How the Toronto film festival has become a welcome home for Indian filmmakers


0, 0, 1. These are the number of Indian movies that showed at Cannes, Venice and Berlin, respectively, in 2017. It must be added that no Indian film has made it to the hallowed main competition section of these big three festivals in a very long time.

Now consider these numbers for ’19, ’18 and ’17: 4, 6 and 5. These are the number of Indian films at the Toronto International Film Festival (TIFF), a happy playing ground for Indian cinema. While TIFF is not a competitive festival, it is a prelude to the Oscar season — and often Oscar success.


A couple of years ago, Pellissery knew he had a film in hand when he finished reading a short story about a bull breaking free from a butcher’s block. “Maoist”, the story by Malayalam writer S Hareesh, had a profound impact on the filmmaker, who had by then completed Angamaly Diaries (2017). Yet, there was one element that worried Pellissery: “I didn’t know how to handle the animal.”


Three of the four Indian movies at TIFF are directed by women. The Sky is Pink by Shonali Bose is the only Asian movie in the prestigious Gala Presentations. “The badge of honour of a TIFF selection is important for an Indian filmmaker,” says Bose, whose Margarita with a Straw won the Best Asian Film NETPAC Award in Toronto in 2014. “When my first film Amu premiered at Berlin in 2005, Cameron Bailey (TIFF’s artistic director) was in the audience and brought it to Toronto,” she recalls. Bailey, who scouts for films in India every year, also discovered Assamese filmmaker Rima Das, premiering her feature film, Village Rockstars, at TIFF in 2017. After its Toronto success, it went on to win the National Award for Best Film and became India’s official entry to the Oscars.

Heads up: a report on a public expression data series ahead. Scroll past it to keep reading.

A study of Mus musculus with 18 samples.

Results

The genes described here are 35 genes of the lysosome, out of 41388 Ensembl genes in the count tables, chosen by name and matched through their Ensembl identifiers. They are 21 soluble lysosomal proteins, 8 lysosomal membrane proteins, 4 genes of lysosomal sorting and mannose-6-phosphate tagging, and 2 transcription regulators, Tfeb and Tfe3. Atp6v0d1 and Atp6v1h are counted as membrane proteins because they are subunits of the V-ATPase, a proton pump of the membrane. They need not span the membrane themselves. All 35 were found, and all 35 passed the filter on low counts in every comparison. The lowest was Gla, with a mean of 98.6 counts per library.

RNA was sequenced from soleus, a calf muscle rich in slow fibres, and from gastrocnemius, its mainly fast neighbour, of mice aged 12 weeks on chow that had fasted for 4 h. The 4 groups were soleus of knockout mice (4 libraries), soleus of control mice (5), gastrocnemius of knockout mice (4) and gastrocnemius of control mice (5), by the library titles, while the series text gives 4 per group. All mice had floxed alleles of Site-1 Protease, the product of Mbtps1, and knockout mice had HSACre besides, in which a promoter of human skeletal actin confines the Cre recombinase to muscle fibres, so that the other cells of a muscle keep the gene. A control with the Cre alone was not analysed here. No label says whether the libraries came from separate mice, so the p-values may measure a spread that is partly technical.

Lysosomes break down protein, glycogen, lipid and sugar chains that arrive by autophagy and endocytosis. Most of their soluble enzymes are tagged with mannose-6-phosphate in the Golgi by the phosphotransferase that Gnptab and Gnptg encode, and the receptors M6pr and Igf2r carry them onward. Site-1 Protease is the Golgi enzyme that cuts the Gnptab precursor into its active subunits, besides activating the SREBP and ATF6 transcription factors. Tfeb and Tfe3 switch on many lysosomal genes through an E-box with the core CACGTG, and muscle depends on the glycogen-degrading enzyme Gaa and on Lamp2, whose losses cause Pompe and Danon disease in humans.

About women directors dominating Indian cinema at TIFF this year, Bailey says, “It is not by design; they represent the best of Indian filmmaking.”


TIFF functions on a not-for-profit platform and dispenses with the snootiness of the big three, opening the festival to the public and instituting an audience prize called the People’s Choice Award.

Of Toronto’s population of nearly 3 million, more than half a million are South Asians. “There is a strong community of people in Toronto who have close ties to India,” says Bailey. “The audience here is informed by Indian cinema, enthusiastic about Indian cinema and is always looking forward to new films from India. It is a relationship built over the years.”

The Toronto audience this year was treated to a rare animated feature film, Bombay Rose, by Gitanjali Rao, and Moothon (The Elder One) by Geetu Mohandas. Painted frame by frame in a Mumbai animation studio, Bombay Rose mixes the nostalgia for Hindi cinema of the last century with the dreams of Mumbai’s fringe dwellers. It weaves cats, Konkani songs, Bhojpuri conversations, Adam Levine’s lyrics and even a Lincoln in the Bardo-style gathering of ghosts in a cemetery.

Moothon is an outstanding film, challenging gender and relationships, as it journeys from the calm of Lakshadweep to the clamour of Mumbai. “I wanted a remote place for my film,” says Mohandas, whose debut feature, Liar’s Dice, was a competition entry to the Sundance festival in 2013 before becoming India’s official entry to the Oscars.

Could one of the four be travelling further to the Academy Awards on the other side of the border?